Tuesday, July 24, 2012    


Elizardo Sanchez, a human rights advocate on the island and de facto spokesperson for Cuba's small opposition, said he confirmed Paya's death with his associates in the city of Bayamo, 500 miles (800 kilometres) east of the capital.

"It was an accident early in the afternoon," Sanchez said.

Paya, who drew strength from his Roman Catholic roots as he pressed for change in his homeland, continued to voice his opposition after Fidel resigned due to illness in early 2008, calling the passing of the presidency to younger brother Raul a disappointment.

"The driving force of society should be the sovereignty of the people, not the Communist Party," Paya wrote after the new parliament chose Raul Castro as head of state and government. "The people of Cuba want changes that signify liberty, open expression of their civil, political, economic and social rights."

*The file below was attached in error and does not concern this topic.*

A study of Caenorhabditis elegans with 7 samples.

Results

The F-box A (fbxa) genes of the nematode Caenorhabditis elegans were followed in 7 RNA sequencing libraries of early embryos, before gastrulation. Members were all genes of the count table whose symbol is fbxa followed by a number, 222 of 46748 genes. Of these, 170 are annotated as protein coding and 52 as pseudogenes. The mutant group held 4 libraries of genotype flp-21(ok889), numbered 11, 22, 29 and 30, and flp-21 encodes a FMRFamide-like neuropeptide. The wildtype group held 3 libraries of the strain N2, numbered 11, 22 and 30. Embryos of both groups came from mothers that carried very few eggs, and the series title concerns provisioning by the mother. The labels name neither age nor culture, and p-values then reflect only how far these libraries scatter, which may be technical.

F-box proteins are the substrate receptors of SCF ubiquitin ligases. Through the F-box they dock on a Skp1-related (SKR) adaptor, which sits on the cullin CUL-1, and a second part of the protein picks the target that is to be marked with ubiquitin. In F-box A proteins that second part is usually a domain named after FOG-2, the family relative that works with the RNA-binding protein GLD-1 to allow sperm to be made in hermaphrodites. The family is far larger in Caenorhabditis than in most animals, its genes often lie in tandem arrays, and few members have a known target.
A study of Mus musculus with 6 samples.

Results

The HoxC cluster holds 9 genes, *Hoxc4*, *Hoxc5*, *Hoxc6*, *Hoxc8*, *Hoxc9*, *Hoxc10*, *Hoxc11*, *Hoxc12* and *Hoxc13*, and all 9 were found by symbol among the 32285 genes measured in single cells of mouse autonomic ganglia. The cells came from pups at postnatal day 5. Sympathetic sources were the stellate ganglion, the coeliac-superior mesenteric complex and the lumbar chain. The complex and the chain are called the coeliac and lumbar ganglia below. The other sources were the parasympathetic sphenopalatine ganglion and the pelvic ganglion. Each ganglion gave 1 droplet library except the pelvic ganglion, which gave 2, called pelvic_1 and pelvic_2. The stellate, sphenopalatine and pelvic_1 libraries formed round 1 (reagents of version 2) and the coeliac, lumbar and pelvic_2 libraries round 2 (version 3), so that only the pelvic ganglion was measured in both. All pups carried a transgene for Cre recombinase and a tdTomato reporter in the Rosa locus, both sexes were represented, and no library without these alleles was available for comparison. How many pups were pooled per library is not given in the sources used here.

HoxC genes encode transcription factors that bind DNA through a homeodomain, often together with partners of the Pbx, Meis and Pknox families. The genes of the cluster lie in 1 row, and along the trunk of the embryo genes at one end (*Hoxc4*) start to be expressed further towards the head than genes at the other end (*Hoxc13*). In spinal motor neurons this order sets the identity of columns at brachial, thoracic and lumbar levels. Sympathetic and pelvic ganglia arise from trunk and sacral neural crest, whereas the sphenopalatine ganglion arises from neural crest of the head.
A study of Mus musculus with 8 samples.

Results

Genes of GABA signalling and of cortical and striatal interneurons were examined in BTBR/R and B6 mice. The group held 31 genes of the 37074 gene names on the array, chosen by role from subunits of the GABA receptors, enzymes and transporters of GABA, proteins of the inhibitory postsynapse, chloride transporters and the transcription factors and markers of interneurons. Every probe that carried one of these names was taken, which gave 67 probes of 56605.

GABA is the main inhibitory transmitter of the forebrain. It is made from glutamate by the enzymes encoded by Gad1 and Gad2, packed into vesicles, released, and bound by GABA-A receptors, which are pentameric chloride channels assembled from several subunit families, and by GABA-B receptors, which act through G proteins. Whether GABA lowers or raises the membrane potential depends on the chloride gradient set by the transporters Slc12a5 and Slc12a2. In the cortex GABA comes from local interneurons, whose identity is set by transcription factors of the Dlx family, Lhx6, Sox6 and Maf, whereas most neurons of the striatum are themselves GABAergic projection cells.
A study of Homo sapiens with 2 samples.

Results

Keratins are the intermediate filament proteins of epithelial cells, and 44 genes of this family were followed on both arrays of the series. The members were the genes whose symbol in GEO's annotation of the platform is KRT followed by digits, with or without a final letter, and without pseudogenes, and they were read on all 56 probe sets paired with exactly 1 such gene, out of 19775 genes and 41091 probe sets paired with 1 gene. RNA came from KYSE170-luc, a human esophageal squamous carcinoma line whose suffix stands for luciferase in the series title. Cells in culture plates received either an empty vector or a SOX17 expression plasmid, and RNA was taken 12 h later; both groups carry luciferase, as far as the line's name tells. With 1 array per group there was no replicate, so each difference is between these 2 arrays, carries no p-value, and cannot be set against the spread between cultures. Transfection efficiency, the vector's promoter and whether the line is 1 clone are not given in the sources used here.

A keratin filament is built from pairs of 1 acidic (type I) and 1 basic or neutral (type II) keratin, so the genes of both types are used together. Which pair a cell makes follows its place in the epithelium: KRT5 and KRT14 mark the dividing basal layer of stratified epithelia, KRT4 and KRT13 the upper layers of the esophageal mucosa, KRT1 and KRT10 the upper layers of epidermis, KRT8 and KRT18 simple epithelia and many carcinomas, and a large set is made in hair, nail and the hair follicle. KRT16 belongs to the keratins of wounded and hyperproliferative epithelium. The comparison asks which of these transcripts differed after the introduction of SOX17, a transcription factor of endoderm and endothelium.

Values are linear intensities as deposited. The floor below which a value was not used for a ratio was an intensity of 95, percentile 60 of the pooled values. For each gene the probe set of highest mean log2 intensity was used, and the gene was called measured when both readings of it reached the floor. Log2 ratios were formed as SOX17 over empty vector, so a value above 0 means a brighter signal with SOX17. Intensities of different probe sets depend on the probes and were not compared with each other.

The electrical engineer gained international fame as the top organiser of the Varela Project, a signature gathering drive asking authorities for a referendum on laws to guarantee civil rights such as freedom of speech and assembly.

Shortly before former US President Jimmy Carter's visit to Cuba in May 2002, Paya delivered 11,020 signatures to the island's parliament seeking that initiative. He later delivered a second batch of petitions containing more than 14,000 signatures to the National Assembly, Cuba's parliament, posing a renewed challenge to the island's socialist system.

The Varela Project was seen as the biggest non-violent campaign to change the system the elder Castro established after the 1959 Cuban revolution.

The government set aside the first batch of signatures and launched its own, successful petition drive to enshrine the island's socialist system as "irrevocable" in the Cuban constitution.

Paya continued his efforts, saying it was more important to mobilise Cubans to demand human rights than to win government acceptance of the project. However, his influence waned notably in his final years as younger activists and bloggers like Yoani Sanchez gained international headlines.